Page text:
Monday, January 23, 2012

The Philosophy of Cosmology

Tim Maudlin makes some interesting comments about the philosophy of cosmology. I have a few objections and observations. (See update at the bottom for an additional criticism.)

First, Maudlin claims that the universe is just "one huge physical object." This could be a significant conceptual error. I'm not convinced that "the universe" picks out a unique physical object.

I'm not a non-cognitivist about the universe. I do think "the universe" picks out a single, coherent idea. But I doubt that idea represents or corresponds to a thing.

I'm not an idealist, exactly. I'm a realist about everything that we say is part of, or constitutive of, the universe. But none of the objects of our experience--nothing we can conceptualize--fully constitute the universe. So "the universe" is an idea about something we never directly indicate. So I have this suspicion that when we conceptualize the universe, we are using a different logic than the one we use when we talk about things we can directly indicate and which play causal roles in the universe. Furthermore, considering that space and time are (according to Relativity Theory) functions of the universe, and considering that there is no privileged "now" which marks the present of the universe, it is impossible for me to conceive of the universe as a thing at all. But still, even if we go back to the time before Einstein and think of the universe as a set of all things which exist in space and time, I don't think the idea of the set of all things is itself a thing which could be treated like any other.

Next, Maudlin says, "Bohr and Heisenberg tried to argue that asking for a clear physical theory was something you shouldn't do anymore. That it was something outmoded. And they were wrong, Bohr and Heisenberg were wrong about that."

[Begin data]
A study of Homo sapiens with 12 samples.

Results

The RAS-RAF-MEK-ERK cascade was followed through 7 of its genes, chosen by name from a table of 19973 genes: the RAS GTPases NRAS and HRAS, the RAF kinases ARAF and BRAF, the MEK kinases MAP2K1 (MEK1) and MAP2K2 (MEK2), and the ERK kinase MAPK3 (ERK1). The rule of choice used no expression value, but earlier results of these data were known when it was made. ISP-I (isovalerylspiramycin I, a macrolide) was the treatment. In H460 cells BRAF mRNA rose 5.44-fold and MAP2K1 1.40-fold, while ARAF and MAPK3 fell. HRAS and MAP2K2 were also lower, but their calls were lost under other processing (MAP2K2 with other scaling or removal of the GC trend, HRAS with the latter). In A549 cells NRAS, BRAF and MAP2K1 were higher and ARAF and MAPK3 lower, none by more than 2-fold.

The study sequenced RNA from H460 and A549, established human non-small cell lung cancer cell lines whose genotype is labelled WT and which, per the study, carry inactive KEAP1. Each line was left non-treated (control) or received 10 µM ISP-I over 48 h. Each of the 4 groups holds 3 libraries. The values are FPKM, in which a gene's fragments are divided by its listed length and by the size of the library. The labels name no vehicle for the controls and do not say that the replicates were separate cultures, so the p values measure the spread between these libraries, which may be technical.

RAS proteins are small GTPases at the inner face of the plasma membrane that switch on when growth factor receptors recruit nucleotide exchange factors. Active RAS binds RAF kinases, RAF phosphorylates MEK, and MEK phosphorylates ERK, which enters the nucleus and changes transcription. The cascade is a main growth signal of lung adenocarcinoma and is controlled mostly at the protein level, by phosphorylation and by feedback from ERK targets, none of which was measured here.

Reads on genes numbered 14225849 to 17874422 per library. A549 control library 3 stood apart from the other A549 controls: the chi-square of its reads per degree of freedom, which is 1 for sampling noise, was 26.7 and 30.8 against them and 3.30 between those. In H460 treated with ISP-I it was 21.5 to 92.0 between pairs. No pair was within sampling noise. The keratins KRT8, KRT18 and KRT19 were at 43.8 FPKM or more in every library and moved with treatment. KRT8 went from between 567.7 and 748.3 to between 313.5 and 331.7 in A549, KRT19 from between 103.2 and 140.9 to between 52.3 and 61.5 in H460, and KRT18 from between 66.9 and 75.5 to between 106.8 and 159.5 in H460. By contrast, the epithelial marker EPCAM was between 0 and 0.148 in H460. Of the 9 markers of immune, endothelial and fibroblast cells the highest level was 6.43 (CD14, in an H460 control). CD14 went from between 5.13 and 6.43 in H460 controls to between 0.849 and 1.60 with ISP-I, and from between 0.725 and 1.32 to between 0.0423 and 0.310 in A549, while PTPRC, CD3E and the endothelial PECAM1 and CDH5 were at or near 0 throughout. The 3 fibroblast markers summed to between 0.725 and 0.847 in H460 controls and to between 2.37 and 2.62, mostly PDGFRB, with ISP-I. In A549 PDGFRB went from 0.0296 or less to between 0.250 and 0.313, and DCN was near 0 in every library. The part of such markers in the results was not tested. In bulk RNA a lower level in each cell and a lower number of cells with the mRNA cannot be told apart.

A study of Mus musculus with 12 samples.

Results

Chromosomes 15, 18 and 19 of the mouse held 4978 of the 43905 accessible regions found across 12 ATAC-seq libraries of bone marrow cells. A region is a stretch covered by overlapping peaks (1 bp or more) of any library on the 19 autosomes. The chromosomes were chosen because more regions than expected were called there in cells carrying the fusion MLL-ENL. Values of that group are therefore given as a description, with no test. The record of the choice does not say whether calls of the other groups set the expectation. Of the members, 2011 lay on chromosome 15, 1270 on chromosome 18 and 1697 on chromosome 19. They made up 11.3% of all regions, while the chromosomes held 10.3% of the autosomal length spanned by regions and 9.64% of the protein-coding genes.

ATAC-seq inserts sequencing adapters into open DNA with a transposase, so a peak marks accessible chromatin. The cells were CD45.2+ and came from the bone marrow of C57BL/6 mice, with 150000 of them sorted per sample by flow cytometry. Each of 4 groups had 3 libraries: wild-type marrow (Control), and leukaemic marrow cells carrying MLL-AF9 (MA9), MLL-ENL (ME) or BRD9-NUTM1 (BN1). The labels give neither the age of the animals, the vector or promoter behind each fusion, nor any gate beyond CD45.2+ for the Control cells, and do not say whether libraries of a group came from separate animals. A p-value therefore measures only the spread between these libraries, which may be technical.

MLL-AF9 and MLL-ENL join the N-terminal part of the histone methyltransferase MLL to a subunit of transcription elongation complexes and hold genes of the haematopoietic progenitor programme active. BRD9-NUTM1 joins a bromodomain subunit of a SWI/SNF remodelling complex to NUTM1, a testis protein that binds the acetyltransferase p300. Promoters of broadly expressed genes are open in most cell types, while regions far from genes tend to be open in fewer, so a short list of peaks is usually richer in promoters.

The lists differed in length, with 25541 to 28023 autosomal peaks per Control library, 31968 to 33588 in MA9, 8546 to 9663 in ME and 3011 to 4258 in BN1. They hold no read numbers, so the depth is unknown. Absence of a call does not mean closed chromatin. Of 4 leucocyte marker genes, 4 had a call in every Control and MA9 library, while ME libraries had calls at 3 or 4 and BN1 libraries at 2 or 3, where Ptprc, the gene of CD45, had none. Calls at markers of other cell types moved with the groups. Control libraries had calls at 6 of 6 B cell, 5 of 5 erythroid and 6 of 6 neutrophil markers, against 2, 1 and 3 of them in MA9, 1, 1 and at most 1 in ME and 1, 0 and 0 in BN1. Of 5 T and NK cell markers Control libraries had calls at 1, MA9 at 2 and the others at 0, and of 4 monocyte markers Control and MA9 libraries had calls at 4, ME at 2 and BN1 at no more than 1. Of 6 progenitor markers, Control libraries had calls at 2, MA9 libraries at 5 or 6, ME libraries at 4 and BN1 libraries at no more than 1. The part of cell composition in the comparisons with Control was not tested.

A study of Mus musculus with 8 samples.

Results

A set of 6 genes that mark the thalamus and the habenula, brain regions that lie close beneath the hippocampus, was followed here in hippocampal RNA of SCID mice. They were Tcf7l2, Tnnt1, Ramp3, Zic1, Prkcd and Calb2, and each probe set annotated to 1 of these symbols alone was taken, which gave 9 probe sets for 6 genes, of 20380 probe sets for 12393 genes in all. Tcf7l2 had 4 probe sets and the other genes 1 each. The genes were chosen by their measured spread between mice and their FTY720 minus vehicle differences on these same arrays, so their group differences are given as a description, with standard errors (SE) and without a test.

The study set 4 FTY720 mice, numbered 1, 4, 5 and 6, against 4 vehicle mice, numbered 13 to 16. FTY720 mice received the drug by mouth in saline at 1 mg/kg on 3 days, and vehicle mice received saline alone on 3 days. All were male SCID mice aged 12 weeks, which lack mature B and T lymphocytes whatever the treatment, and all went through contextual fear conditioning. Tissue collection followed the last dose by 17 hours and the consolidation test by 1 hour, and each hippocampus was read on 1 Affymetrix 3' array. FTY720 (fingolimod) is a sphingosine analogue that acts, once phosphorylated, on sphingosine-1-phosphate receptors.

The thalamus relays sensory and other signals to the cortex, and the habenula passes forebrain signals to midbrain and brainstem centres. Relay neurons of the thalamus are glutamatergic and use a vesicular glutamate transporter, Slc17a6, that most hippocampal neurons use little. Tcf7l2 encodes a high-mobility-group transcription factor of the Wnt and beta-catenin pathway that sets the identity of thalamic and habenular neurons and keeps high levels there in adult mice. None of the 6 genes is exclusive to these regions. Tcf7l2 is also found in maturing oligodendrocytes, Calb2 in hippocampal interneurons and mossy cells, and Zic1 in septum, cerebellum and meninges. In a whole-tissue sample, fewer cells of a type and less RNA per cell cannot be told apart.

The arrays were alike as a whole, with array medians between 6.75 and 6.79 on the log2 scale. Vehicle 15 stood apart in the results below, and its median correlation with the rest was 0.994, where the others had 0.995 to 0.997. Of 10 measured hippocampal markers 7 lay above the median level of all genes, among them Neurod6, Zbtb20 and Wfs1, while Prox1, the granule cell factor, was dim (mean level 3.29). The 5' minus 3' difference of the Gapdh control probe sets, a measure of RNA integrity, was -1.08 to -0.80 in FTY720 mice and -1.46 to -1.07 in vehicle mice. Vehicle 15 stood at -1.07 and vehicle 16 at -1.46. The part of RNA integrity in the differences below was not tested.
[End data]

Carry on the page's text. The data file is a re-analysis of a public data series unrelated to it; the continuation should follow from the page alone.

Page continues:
Maudlin's objection is to the idea that physics shouldn't be burdened with trying to make sense of its predictive tools. According to the Bohr-Heisenberg school (home to many renowned physicists, including Richard Feynman), we shouldn't try to translate fundamental physics into ordinary language, because we'll just end up with nonsense. Maudlin says that's just wrong. Maybe he's right, but I don't see any reason to think so.

The farther our physics gets from the frameworks of our everyday experience, the greater the gap between our physical theories and our common way of thinking about the universe. Why suppose that this gap can ever be filled? I'm curious to know Maudlin's reasons.

The final point I want to address is how Maudlin curiously frames philosophy as emerging from a single question. He writes: 'The basic philosophical question, going back to Plato, is "What is x?"'

I don't want to read too much into Maudlin's remark here, but it looks profoundly deficient. Sure, Plato's dialogues often focus on "What is X?" questions. But what makes the dialogues philosophical is not that question, but the way the answer to the question is pursued. Plato takes up such familiar and basic concepts as justice and beauty and shows that our understanding of them is not as clear or available as we might have thought. His dialogues explore and manipulate the way people think about their own understanding, forcing them to reflect on the form of their thinking and argumentation. That is what makes his work philosophical. It isn't that he asks "What is X?"

Update: I forgot to comment on Maudlin's remarks about evolution. This part is a bit over the top: "What people haven't seemed to notice is that on earth, of all the billions of species that have evolved, only one has developed intelligence to the level of producing technology. Which means that kind of intelligence is really not very useful. It's not actually, in the general case, of much evolutionary value."

First, who does he think hasn't noticed that humans are unique in our development of technology? Is that a serious criticism? In any case, the argument here is not valid. The fact that only one species has developed technology does not mean that it is not very useful, or that it is not of much evolutionary value. That's simply a non-sequitor.

I think Maudlin is probably right that we have no reason, or very little reason, to think that there is life on other planets which has evolved the ability to develop advanced technology. But that point does not depend on his curious claim that technology isn't very useful.